Introducing a New Currency

Warren Mosler (for example, here) has explained very clearly and succinctly the key steps involved in effectively introducing a currency such as the drachma. (See, also, Bill Mitchell’s recent post, ‘A Greek exit is not rocket science‘.) Fears of exchange-rate catastrophe would be unfounded if these steps were followed.

Of the steps, two would be fundamental if the Greek government chose (or was forced) to issue its own currency:

1. Taxes should be made payable only in drachmas.
2. Government payments should only be in drachmas.

Additionally, existing contracts with government for goods and services should be redenominated in drachmas. There are other details that can be found in Warren’s post.

Step 1 would ensure that households and businesses had to obtain drachmas, even if only to meet their tax obligation. Government spending in drachmas (step 2) would then be possible because of the demand for drachmas established by the first step.

As Warren emphasizes, there should be no automatic or compulsory conversion of euro deposits into drachmas. To the contrary, it would be important that euro deposits simply remained as euro deposits unless and until the deposit holder took steps to convert them into drachmas for tax payments or other purposes. Euros should not be converted into drachmas at a fixed rate, but at a floating one, and then only when such conversion was desired by the holder of euros.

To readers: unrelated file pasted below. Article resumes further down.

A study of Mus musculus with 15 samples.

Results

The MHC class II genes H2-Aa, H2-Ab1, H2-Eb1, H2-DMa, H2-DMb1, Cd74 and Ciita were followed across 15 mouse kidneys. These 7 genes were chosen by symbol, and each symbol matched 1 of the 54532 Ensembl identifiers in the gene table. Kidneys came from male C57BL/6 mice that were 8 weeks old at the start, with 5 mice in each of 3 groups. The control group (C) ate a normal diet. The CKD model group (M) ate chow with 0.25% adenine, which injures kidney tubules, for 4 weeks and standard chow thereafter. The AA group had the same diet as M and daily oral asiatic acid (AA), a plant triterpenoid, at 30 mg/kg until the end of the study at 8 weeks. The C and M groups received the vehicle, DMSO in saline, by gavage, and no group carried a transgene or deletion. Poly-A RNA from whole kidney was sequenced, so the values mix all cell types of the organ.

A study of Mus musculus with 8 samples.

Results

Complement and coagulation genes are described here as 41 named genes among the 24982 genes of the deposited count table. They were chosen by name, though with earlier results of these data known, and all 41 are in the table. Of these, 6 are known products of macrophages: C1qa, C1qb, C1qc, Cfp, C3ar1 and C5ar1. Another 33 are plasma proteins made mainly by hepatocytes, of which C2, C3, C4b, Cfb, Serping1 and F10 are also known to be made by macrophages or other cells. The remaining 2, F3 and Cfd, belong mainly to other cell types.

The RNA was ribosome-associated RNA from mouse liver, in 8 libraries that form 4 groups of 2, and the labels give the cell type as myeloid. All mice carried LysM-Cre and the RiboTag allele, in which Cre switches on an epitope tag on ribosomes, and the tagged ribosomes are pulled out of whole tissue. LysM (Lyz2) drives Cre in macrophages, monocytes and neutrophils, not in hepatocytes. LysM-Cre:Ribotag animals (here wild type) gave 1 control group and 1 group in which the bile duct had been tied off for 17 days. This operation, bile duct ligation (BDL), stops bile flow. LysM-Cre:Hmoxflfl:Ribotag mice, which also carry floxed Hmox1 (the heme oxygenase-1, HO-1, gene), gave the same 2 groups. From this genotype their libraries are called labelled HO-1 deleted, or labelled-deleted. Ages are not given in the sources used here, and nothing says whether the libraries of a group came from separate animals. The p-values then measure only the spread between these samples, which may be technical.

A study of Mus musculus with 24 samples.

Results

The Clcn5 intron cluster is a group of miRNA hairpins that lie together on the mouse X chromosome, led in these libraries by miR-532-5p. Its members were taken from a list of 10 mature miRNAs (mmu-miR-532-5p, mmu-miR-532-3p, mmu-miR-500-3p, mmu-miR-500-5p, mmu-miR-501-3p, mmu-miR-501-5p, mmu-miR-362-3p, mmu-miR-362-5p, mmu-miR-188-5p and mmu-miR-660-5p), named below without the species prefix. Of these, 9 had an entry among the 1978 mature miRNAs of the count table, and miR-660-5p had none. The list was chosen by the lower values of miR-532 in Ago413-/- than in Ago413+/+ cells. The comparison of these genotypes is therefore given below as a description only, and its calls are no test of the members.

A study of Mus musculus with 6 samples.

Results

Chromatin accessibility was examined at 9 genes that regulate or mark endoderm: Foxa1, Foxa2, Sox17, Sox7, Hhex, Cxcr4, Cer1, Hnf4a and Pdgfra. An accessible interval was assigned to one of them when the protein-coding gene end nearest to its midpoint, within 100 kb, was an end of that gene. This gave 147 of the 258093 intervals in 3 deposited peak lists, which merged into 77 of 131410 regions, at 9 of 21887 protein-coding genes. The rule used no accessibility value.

Unless a person or business transacted goods or services directly with government, they would need to obtain drachmas from those who did. Provided government spending remained in sensible relation to an enforced tax obligation, no “market forces” could generate excess supply of drachmas. The new currency would only be supplied in response to demand for it.

One thought on “Introducing a New Currency

  1. The retention of savings in Euros is a key point.

    However I don’t know about the payment of taxes thing. One of the new interesting developments to come out of both the Greece issue and the Scottish separation debate is whether *pegged* non-convertible liabilities work dynamically.

    These things are denominated in a foreign currency (in this case Euros), but are not convertible into Euros and are issued by the government. They are essentially zero-interest permanent bearer bonds issued directly by government and acceptable as payment of taxes *alongside* the foreign currency in question. A parallel currency.

    The idea being is that if they trade at a discount, then people will trade their foreign currency for the liabilities to get themselves an instant tax cut.

    Then you set your tax rates higher than need be to attempt to run a *surplus* – which then pulls in foreign currency from savings as well as all the liabilities you issue.

    It’s sort of a halfway house that eases in functional finance into the system. Over time, as people start to save the government liabilities directly and the budget moves to deficit, you can change the tax policy so that only the government issued liabilities are payable as taxes.